CHICAGO—The body of literature on immunosuppressive drugs used to treat cancer and autoimmune diseases is growing, helping bring some clarity to their effects on the immune system and how well they work in patients. This has helped refine the questions that further research must answer, said an expert at the 2018 ACR/ARHP Annual Meeting.
Explore this issueFebruary 2019
When activated, immune checkpoints, such as CTLA4 and PD-1 (the two prominent players in cancer treatment thus far), downregulate activated T cells, tamping down the immune response. Inhibiting them enhances the immune response. More than 160 checkpoint inhibitors (CPIs) are in preclinical and clinical trials, so their presence on the cancer stage will grow more pronounced, Dr. Calabrese said.
These two categories of CPIs, research suggests, impose their effects in different ways that could have important clinical meaning, he said. A recent review described the effect of CTLA-4 inhibition (as well as chimeric antigen receptor [CAR] T cells) as “immuno-enhancement,” and that of PD-1 and PD-L1 inhibitors as “immuno-normalization.”1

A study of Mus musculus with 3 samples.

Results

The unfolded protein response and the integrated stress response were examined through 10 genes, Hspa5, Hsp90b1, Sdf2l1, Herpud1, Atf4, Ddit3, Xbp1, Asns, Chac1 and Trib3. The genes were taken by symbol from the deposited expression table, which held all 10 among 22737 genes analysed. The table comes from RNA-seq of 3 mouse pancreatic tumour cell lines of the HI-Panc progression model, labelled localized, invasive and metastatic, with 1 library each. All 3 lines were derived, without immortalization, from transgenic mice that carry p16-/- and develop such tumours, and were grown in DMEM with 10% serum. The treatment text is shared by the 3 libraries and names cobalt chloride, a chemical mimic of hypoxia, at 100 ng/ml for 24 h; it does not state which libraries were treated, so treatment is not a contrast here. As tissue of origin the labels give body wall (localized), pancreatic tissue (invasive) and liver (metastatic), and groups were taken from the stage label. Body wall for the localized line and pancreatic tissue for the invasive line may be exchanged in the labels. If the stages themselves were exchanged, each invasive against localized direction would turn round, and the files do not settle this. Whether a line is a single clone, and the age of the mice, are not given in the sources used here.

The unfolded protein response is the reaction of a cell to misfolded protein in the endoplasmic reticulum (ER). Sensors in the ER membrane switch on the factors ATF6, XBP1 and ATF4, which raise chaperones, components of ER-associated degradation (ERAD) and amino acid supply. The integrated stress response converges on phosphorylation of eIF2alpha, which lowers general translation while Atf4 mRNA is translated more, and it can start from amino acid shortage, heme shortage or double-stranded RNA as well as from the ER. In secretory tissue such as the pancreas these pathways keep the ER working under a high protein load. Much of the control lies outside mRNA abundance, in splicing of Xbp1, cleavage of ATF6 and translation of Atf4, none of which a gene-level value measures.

The authors describe immunity as water flowing through a pipe and cancer as a plug in the pipe once it “gets the upper hand,” Dr. Calabrese said. CTLA-4 inhibition relies more on increasing the water pressure to push out the plug—that is, revving up the immune system to fight the tumor—whereas PD-1 and PD-L1 inhibition is more like simply removing the plug, or steering the immune response more directly at the tumor.
“Until recently, all immunotherapy was considered immune enhancement; in other words, pushing the immune system through,” Dr. Calabrese said. “The introduction, particularly of PD targeting, … should be reconceptualized as to actually immune-normalize … because most of the activity is going on within the tumor microenvironment.”
Researchers are busy trying to tackle the question of how closely checkpoints and autoimmunity are linked. “The real action right now is in … trying to frame important questions to answer whether there is evidence checkpoints’ dysfunction is operative in the pathogenesis of autoimmune disease, and, in particular, rheumatic autoimmune disease,” he said.